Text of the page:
Energy Efficiency Reference/Refrigeration/Technology Primer/Common Terms

  • Condenser Effect: Heat exchanger in which the refrigerant gives off energy to the surroundings and condenses from a gas to a liquid.
  • Cooling Effect<: Change in enthalpy in the evaporator as the refrigerant absorbs energy and evaporates.
  • Discharge Pressure, Condensing Pressure, High-side Pressure: Pressure at the compressor discharge at which the refrigerant condenses. Condensing pressure fluctuates with outside temperature on air-cooled or evaporator units.
  • Enthalpy: Enthalpy is sometimes called total energy because it includes internal energy (u), the work done in a particular process (pv). and change of phase.
  • Evaporator: Heat exchanger in which the refrigerant absorbs energy from the surrounding as it evaporates from a liquid to a gas.
  • Compressor Work: Change in enthalpy as the refrigerant is compressed.
  • Rejected Heat: Change in enthalpy as the refrigerant condenses.
  • Latent Heat of Vaporization: Change in enthalpy as the refrigerant evaporates from a saturated liquid to a saturated vapor at a specified pressure.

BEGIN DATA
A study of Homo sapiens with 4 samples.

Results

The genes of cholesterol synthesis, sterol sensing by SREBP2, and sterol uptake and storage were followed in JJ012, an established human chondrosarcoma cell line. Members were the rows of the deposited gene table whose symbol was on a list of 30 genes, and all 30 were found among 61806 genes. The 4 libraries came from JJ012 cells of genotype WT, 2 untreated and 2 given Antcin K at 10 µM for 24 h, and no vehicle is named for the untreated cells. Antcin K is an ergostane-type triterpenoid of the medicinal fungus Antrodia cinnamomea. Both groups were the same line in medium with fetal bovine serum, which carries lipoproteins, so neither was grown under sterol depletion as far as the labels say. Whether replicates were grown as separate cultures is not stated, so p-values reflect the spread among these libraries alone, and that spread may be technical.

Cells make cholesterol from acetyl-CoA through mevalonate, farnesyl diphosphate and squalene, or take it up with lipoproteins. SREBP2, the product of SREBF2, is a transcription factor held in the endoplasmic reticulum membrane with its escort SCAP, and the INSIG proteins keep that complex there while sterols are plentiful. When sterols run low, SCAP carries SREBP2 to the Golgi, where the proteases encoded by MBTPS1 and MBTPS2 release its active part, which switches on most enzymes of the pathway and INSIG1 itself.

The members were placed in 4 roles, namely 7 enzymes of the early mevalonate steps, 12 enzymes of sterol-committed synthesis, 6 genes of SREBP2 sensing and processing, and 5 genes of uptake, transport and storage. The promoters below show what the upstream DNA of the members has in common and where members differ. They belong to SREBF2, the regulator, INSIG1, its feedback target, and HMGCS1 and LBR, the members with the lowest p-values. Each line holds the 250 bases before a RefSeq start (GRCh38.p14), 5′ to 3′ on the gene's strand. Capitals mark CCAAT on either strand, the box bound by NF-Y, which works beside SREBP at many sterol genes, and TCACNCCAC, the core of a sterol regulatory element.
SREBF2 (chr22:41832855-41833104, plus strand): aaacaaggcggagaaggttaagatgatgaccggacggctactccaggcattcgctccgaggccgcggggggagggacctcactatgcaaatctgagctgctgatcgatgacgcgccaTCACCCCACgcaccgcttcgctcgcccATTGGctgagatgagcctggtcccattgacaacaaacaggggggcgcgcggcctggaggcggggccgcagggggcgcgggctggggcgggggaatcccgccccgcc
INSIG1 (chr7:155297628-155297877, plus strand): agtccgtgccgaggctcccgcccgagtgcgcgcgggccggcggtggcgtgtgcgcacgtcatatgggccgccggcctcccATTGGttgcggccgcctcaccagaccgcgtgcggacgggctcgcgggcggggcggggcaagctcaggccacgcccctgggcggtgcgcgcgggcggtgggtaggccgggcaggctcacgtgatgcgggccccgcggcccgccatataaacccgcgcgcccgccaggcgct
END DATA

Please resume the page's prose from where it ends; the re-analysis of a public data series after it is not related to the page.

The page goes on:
• Minimum Approach Temperature Difference: Approach temperature difference across a heat exchange with the heat transfer coefficient maximized. This can be measured for clean condenses or evaporators with all heat exchanges fans running at full power.
  • Minimum Discharge Pressure: Air-cooled and evaporative condensers maintain the minimum discharge pressure by cycling fans or controlling speed. Plant personnel control the minimum pressure set point.
  • Refrigerant: The refrigerant is the "working fluid" which evaporates to absorb the latent heat of vaporization from its surroundings. Thereby cooling the surroundings. To permit the refrigerator to operate continuously, the refrigerant vapor is compressed and reconverted to liquid effectively moving energy from where the refrigerant vaporizes to where is condenses.
  • Suction Pressure, Low-side Pressure: Pressure at the inlet to the compressor is also the pressure at which the refrigerant evaporates.
  • Tons: A measure of the cooling capacity usually applied to larger cooling systems and heat pumps. One ton of cooling represents the ability to absorb energy at a rate originally determined by melting 1 short ton (2000 ponds) of ice in 24 hours. Now, 1 ton = 12,000 Btu per hour, 3,520 watts.